LAKE VIEW TERRACE ( — Twenty five years ago Thursday, Los Angeles police officers were videotaped repeatedly striking Rodney King with batons.

March 3, 1991 is and will always be a pivotal moment in the nation’s conversation about police and race.

It was then that four white officers beat King, an unarmed black man. In footage captured on a bystander’s camcorder, the officers kicked and clubbed King dozens of times.

When the officers were tried a year later, a majority white jury declined to convict them, and riots, looting, and violence followed.

By the time order was restored, 55 people had been killed and more than 2,000 were hurt.

Now, a quarter-century later, video of police misconduct, including last year’s deadly shooting of Walter Scott in South Carolina, has fueled a renewed protest movement and strengthened demand for police to change in how they deal with minorities.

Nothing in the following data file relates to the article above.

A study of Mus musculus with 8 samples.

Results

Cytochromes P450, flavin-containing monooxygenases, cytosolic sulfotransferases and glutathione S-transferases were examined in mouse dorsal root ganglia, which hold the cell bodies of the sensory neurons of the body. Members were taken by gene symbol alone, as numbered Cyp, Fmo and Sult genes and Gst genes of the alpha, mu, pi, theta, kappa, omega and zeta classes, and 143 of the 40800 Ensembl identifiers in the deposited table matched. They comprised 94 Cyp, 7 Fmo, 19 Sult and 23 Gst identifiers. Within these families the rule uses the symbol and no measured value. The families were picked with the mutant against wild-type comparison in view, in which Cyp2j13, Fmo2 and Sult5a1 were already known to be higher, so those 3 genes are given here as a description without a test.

“Twenty five years later, there’s still a lot of work to do,” said Peter Bibring, a senior staff attorney at the ACLU of Southern California.

Bibring says King was the first time video made a major impact in a police violence case.

“The regularity with which those videos come out show how much there is to be done in actually reforming policing,” he said.

The King beating began a wave of reforms for the Los Angeles Police Department, including tighter rules on when officers can use force, more minority officers, and stricter term limits for police chiefs.

Those who live near the site of the beating say it is still relevant 25 years later.

“You never know who’s watching and you should treat people fairly, and right, especially if you’re in law enforcement,” said Cindy White, a nearby resident.

CBS2 reached out to the LAPD, but the department declined to comment.

King won a $3.8 million settlement from the city before drowning in 2012.